Politics makes strange bedfellows, as the saying goes. But when it comes to naming microprocessors, politics can sometimes change the course of codename history.
When Intel’s 2nd Generation Core microprocessors are launched at the International Consumer Electronics Show, the codename “Sandy Bridge” will officially be retired. Ever since the early 1990s Intel has used existing geographical, non-trademarked places in the United States or Canada that can be located on a map for codenames. This is thanks, in part, to Frank Zappa, or at least, his estate. More on that in a minute.
Sandy Bridge sounds like a place found on a map that can’t be trademarked and hence satisfies Intel’s trademark and brand lawyers who have final say on such matters. Despite sharing its name with a bridge in Singapore and a historic town in west Tennessee, Sandy Bridge isn’t named for an actual place. Instead, it’s a result of a switch, and a suggestion from upper management following a meeting with analysts.
Originally the project was called “Gesher,” which in Hebrew means “bridge,” explained project manager Shlomit Weiss from Intel’s Israel Development Center in Haifa where the new chip architecture was designed. “During a meeting with analysts, Sean Maloney was asked, ‘How come you have a project named Gesher? Do you want it to be unsuccessful like the former Gesher [political] party in Israel?'”
Shortly after the meeting, Maloney, Intel executive vice president, asked the legal department to change the project name, wanting nothing to do with a failed breakaway political party that eventually dissolved. And so was born, in short order, the codename “Sandy Bridge.”
“Bridge” being part of the name makes sense with the translation of “gesher,” but where does the “sandy” part derive from? That silicon comes from common beach sand perhaps? Well, not according to Intel legend.
“The reason I heard is the ‘bridge’ signifies that we’re bridging the chasm to the next big thing,” said Nathan Smith, a CPU strategic planning manager based in Hillsboro, Ore. “That’s a bit of a reach, but that’s the story.”
Inherent with their jobs, Smith and his report, Russ Hampsten, are regular players of the product name game.
“It’s the most thankless job you ever do,” Hampsten said. “You’ll never make everyone happy. People always crap over the name.”
Generations After Sandy Bridge
Take “Haswell” for example. The road to naming the next processor microarchitecture after Sandy Bridge felt more like a trek for Smith and Hampsten.
“Russ has poured his heart and soul into Haswell for the past several years,” Smith said, adding that over 100 names were submitted for the project before Trademarks & Brands gave the thumbs up.”
Ironically, one name among the long list actually got the green light from the legal department, but Hampsten reconsidered, nixing it based on personal criteria.
“When it comes to codenames, I want something simple to pronounce and spell,” Hampsten said. “So when I saw we got ‘Molalla,’ a town in Oregon, I started looking for a better name. I wasn’t going to go there.”
His boss agreed. “When you’re picking out a name, you’re thinking, ‘Will the team be able to stomach saying that 100 times a day for the next several years?'”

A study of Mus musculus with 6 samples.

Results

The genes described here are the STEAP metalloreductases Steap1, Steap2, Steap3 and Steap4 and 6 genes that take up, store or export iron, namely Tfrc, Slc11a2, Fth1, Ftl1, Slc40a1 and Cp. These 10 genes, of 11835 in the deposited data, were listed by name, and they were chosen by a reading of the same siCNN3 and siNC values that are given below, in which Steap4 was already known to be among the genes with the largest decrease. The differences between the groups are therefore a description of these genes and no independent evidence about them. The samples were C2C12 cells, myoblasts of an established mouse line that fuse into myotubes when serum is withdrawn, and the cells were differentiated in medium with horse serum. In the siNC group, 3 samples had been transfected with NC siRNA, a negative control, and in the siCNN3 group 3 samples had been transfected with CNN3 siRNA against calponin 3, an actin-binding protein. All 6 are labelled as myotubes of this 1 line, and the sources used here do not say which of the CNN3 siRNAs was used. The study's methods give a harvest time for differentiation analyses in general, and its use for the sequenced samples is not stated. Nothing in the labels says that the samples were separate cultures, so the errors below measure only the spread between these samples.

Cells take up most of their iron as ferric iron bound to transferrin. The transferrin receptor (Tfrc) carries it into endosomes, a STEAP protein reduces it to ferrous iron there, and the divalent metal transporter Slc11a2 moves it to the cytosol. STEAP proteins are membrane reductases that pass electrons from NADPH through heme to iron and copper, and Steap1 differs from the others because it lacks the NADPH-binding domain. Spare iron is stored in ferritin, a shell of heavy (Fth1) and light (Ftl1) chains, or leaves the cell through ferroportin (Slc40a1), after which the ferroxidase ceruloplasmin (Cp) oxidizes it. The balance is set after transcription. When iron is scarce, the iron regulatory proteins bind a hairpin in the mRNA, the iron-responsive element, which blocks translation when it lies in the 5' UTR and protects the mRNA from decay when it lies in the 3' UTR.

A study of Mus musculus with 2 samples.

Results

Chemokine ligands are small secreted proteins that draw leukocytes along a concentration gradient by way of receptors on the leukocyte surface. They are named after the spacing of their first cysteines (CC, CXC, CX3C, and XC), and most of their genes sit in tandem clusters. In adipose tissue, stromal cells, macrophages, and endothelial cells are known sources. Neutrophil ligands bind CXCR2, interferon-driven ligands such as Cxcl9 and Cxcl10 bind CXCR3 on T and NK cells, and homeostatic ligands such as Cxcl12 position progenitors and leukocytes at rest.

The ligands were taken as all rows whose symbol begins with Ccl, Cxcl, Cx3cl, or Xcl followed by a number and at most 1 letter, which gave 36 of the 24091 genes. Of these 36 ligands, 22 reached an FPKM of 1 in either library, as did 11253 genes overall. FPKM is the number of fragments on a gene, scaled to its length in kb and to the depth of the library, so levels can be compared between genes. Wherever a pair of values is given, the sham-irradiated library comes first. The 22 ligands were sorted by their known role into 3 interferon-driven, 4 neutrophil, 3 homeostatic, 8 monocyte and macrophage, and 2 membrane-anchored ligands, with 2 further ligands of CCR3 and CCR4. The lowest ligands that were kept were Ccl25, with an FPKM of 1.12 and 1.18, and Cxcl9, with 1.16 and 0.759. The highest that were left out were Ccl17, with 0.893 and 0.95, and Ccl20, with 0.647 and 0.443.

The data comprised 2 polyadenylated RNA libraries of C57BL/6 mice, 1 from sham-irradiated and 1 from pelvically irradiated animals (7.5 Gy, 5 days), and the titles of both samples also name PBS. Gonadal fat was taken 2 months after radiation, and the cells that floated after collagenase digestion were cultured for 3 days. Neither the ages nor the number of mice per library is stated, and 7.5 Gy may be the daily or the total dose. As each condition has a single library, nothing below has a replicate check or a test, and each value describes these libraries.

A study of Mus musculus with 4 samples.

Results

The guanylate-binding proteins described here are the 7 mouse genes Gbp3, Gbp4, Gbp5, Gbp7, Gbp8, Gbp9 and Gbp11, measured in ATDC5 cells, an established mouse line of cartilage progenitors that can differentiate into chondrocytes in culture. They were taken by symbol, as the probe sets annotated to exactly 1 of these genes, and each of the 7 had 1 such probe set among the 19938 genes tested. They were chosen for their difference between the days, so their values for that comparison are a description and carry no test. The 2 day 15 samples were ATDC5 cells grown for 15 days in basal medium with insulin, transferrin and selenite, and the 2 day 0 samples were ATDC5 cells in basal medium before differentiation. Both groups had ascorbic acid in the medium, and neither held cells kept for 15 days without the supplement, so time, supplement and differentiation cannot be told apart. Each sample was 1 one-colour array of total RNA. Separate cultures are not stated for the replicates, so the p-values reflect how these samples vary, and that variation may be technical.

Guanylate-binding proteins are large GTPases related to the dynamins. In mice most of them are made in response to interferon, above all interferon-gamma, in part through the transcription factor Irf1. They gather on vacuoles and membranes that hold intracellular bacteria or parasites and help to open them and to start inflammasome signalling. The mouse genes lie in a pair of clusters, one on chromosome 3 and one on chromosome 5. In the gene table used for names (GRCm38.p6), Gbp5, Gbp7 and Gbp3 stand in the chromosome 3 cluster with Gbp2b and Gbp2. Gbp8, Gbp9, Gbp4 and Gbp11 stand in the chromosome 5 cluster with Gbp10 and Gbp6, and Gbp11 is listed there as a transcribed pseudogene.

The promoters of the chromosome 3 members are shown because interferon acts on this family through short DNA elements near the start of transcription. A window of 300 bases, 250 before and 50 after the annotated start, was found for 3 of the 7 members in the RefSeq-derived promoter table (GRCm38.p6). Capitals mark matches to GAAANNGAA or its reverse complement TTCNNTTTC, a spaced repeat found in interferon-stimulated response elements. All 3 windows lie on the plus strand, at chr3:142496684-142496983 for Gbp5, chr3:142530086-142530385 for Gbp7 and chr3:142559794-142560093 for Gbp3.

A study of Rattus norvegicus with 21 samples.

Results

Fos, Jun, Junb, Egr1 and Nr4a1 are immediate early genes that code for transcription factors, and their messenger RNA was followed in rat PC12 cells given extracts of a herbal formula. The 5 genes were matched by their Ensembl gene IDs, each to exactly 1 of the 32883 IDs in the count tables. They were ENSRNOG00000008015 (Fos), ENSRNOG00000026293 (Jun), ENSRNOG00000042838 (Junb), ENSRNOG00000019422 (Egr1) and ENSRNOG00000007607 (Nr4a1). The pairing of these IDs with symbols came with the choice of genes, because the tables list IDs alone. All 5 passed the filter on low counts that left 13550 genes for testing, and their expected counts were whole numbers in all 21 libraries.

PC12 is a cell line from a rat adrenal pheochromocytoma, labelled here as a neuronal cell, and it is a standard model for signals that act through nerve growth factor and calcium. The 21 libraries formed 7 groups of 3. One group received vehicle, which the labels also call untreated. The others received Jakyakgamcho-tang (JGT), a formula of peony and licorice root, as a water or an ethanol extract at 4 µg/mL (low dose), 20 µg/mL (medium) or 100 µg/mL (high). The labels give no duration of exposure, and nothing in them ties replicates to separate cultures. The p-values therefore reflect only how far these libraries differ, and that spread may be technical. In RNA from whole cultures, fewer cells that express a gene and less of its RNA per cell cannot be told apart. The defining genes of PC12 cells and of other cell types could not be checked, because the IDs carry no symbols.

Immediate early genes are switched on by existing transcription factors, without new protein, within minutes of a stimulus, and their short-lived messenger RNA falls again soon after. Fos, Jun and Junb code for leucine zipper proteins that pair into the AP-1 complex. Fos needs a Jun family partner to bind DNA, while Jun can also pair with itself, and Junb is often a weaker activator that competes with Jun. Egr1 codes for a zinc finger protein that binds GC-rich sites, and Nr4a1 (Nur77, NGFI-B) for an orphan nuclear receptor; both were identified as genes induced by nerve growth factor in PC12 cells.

Declaring his team a “Molalla-free zone,” Hampsten looked up names by ZIP code starting with the Western states. His quest yielded a list he submitted to Intel’s nomenclature gods and Haswell, a town claiming the country’s smallest jail, got the nod.
“I had to go all the way to Eastern Colorado and a town of under 100 in population to get a tolerable name not taken or trademarked,” Hampsten said.
“By the time the project ramps up more people will be working on Haswell than living in Haswell,” Smith laughed. “But one thing is certain, Haswell is a lot easier to say than that unpronounceable town in Oregon.”
Poor Molalla is still up for grabs, as are many other names — obviously of varying degrees of acceptance — that meet Trademarks & Brand’s first proviso: codenames must be names of existing geographical, non-trademarked places in the United States or Canada that can be located on a map.
Exceptions exist, mostly because they were named before this top-line condition was enforced or, in the case of Sandy Bridge, there’s heat from above. Before Trademarks & Brands became the naming sheriff in the early 1990s, engineers picked handles that encouraged fun and team-building. One group worked on projects named “Bart” and “Lisa” to pay homage to TV’s “The Simpsons,” while another team was busy on a “Dead Rock Star” series of motherboards. You had “The Joplin” and “The Morrison,” but it was the success of an Intel Advanced/ZP motherboard codenamed “The Zappa” that contributed to the policy change to geographic names. The internal naming party ended soon after the very external Frank Zappa estate got wind of an “Intel Zappa” that was written about by media covering the now-defunct Comdex tradeshow. The estate, according to reports, wasn’t too pleased, prompting Intel’s legal department to step in.
So gone is the day when Intel platforms were named after Disney movies (“Aladdin”), solid state drives after biblical figures (“Ephraim”) and chassis after explorers (“Magellan,” “Balboa”). And, of course, there was “The Picard” because what decent company with a geeky workforce would be without at least one project named for a “Star Trek” character?
“There’ve been all sorts of names,” Hampsten said. “We used planets, moons, cartoon characters — we even had a dinosaur series of codenames around the time ‘Jurassic Park’ came out. My all-time favorite was probably ‘The Raptor.’ It was interesting, fun and it sounded mean.”
This content was originally published on the Intel Free Press website.